Female genital mutilation/cutting (FGM/C) is traditionally practised in parts of Africa, the Middle East and South‐East Asia. Migration has brought FGM/C to the attention of health practitioners in industrialised nations. It is not known whether FGM/C procedures are being performed in Australia and New Zealand, where legislation has been passed banning the practice.
To survey RANZCOG Fellows, Trainees and Diplomates, and FGM/C education and prevention program workers, about their experience with women and children affected by FGM/C, specifically to identify whether FGM/C is being performed in Australia or New Zealand.
Electronic survey distributed via e‐mail to RANZCOG Fellows, Trainees and Diplomates and FGM/C program workers in Australia and New Zealand between November 2010 and February 2011.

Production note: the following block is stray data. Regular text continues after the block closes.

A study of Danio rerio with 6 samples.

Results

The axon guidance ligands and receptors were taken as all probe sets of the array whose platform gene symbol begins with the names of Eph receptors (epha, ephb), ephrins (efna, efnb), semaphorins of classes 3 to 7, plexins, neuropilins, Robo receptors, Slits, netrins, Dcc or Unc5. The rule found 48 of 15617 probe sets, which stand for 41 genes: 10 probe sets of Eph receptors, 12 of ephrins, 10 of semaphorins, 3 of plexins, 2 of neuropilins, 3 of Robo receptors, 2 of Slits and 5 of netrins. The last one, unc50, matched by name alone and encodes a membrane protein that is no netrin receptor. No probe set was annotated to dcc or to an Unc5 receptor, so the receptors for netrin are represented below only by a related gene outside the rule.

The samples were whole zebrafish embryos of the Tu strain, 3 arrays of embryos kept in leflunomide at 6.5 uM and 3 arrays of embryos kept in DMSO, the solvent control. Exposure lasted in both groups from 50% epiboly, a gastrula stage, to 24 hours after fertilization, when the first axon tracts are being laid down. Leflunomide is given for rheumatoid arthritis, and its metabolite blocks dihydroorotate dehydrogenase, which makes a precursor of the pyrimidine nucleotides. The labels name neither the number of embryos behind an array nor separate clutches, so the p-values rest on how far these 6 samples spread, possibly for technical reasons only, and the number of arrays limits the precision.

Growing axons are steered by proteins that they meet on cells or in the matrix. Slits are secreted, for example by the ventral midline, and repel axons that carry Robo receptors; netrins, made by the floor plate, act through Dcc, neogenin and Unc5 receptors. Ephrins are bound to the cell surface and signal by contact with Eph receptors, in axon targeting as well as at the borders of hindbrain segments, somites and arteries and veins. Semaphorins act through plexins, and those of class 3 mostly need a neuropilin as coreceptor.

530 responses were received from RANZCOG Fellows, Trainees and Diplomates, with an overall response rate of 18.5%. Thirty‐four responses were received from FGM/C program workers. Five RANZCOG respondents and two FGM/C program workers cited anecdotal evidence that FGM/C is being performed in Australia and New Zealand. 21.2% (82) of RANZCOG respondents had been asked to re‐suture following delivery, and 11 respondents had done so at least once. Two RANZCOG respondents had been asked to perform FGM/C on a baby, girl or young woman.
There is no conclusive evidence of FGM/C being performed in Australia and New Zealand, either from direct reports or children presenting with complications, although re‐suturing post‐delivery is occurring. Anecdotal evidence suggests that it is most likely that people other than registered health practitioners are performing FGM/C.